Herbs for Seasonal Depression

Just as we have a circadian rhythm (approximately 24 hour internal body clock) that keeps us on track each day and night, we also have a circannual rhythm that keeps us in tune with the yearly seasons.

This time of year we have some drastic environmental changes, like shorter days, much colder temperatures and often less sleep.  It’s important to stay in tune with the seasons just like it’s important to stay in tune with our 24 hour daily clock.  Sometimes we need a little help and herbs can be very effective when treating Seasonal Depression.

Seasonal Affective Disorder (aptly abbreviated, SAD), is caused by a lack of sunlight and may be more extreme by vitamin D deficiency. Symptoms include lack of motivation, lethargy, fatigue, feelings of sadness or despair, gloom and, generally what I like to call “Eeyore syndrome”. It’s about late November when this often sets in, and right at the onset is where we can do the most good with herbal remedies to ward off the doom and gloom feeling of winter time.

Here are a few of my favorite herbal remedies:

  1. Damiana (Turnera diffusa)

Damiana is the ideal herb for folks who just can’t get out of bed in the morning or have a hard time motivating themselves to get out and get stuff done. This is the ultimate motivational herb, with a spicy, peppery kick to it. It makes a delicious hot tea that is ideal for those who want to hibernate when they can’t, or who are slow a sluggish with the depressive “winter blues”. It’s a relatively stimulating herb and best for folks who run a little bit cold (as it gets the circulation moving!).

  1. Lemon Balm (Melissa officinalis)

The volatile oils in lemon balm are mildly sedative and have wonderful anti-depressive properties. It has been described for centuries by herbalists as a “trophorestorative” for the nervous system, which can become highly sensitive with any affective disorder. I like lemon balm as a daily tea (which also tastes delicious combine with damiana), or in capsule form (New Chapter makes a great one).

  1. Motherwort (Leonorus cardiaca)

Along with being an excellent heart tonic, Motherwort is a great herb to calm down the nervous system for those that feel overly anxious or fearful of going out in public. Often the winter months present plenty of socializing engagements with crowds and gatherings, and Motherwort is a great tool to utilize when social anxiety takes hold. This is a pretty bitter herb and takes some getting used to in a tea form, so the tincture (diluted in a little water) is a bit easier to take. I also LOVE Urban Moonshine’s Joy Tonic which contains a good amount of motherwort.

  1. Holy basil (Ocimun sanctum)

Holy Basil (also called Tulsi) is my favorite winter time herb. I consider this a hug-in-a-cup, a truly uplifting, happy herb that makes a delicious hot tea. It is often used in India for celebratory occasions, and has a sense of happiness to it. Holy Basil is ideal for cold month despondent people who cant seem to get motivated, who lack joy in the season or who feel a little emotionally murky. The ultimate winter-blues tea combo would be Holy Basil + Lemon balm + Damiana to really get you up, moving and motivated. Organic India also makes a really tasty Tulsi tea.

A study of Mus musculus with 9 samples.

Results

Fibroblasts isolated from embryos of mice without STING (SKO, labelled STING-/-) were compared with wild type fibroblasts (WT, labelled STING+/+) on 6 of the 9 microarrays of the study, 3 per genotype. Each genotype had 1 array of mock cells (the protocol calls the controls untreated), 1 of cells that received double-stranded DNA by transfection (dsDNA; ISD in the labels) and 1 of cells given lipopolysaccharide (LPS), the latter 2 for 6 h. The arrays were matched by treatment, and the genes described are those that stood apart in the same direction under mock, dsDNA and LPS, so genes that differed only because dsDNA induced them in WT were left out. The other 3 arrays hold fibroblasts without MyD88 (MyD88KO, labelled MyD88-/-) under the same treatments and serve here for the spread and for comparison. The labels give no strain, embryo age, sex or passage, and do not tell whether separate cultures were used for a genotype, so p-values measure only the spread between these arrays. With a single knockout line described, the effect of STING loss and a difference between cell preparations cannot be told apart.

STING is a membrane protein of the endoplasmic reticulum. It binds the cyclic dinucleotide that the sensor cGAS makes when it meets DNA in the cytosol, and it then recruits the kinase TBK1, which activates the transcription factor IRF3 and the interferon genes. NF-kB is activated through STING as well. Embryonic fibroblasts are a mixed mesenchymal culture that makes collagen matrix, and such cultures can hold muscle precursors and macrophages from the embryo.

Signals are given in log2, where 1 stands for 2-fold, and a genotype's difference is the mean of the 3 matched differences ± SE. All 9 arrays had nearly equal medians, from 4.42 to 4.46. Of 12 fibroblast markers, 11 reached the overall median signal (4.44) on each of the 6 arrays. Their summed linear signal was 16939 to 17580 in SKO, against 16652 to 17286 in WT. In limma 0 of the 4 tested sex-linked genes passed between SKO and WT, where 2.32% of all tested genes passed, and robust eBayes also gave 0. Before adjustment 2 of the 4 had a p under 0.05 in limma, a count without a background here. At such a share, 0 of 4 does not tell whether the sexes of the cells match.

1. St. Johns wort (Hypericum perforatum)

Contrary to popular belief, St. Johns wort is not indicated for all types of depression (and there are about 13 different types), and for seasonal affective disorder it does seem to work very well. The exact cause of St. Johns wort’s antidepressant activity is unknown, and it is one of the most highly studied herbal medicines today in the treatment of anxiety and depression. Conclusively, it is known to have some effect on serotonin in the gut, as well MAO (monoamine oxidase) inhibition, however the whole extract of St. johns wort must be used, not just the standardized hypericin constituent. I would recumbent taking this in capsule form (Gaia makes a great product). Also, do not take St. Johns wort if you are taking ANY prescription drugs unless you are under the supervision of a trained herbalist or herb literate doctor.

Other helpful supplements for seasonal affective disorder include about 2,000iu of vitamin D3 daily, or SAMe, 400-1200 mg in the morning on an empty stomach. Also a diet rich in pure, whole foods and color fruits and vegetables will enhance overall gut health and keep your probiotics happy. Optimal gut health is key for a balanced emotional state.

Helpful resources:

Effectiveness of St. Johns wort in Major Depression

Vitamin D for Health: A Global Perspective

Looking for help with your herbal choices? RNM’s Clinical Herbalist Lindsay Kluge works with many clients to help provide support and natural therapies to help with season depression. Contact us for more information.

About the Author:

Lindsay Kluge M.Sc, CNS, LDN

Lindsay Kluge is a Clinical Herbalist & Licensed Dietitian Nutritionist and received her Masters of Science degree in Herbal Medicine from the Maryland University of Integrative Health in 2012. She has been with Richmond Natural Medicine since 2013, and specializes in therapeutic holistic nutrition, circadian rhythm balance and sleep physiology, digestion, and Ayurvedic nutrition. She offers individualized nutrition and herbal medicine consultations that include meal planning support, custom compounded herbal formulas, nutrition guidance and general wellness support.  Learn more about services that Lindsay offers at Richmond Natural Medicine by clicking HERE.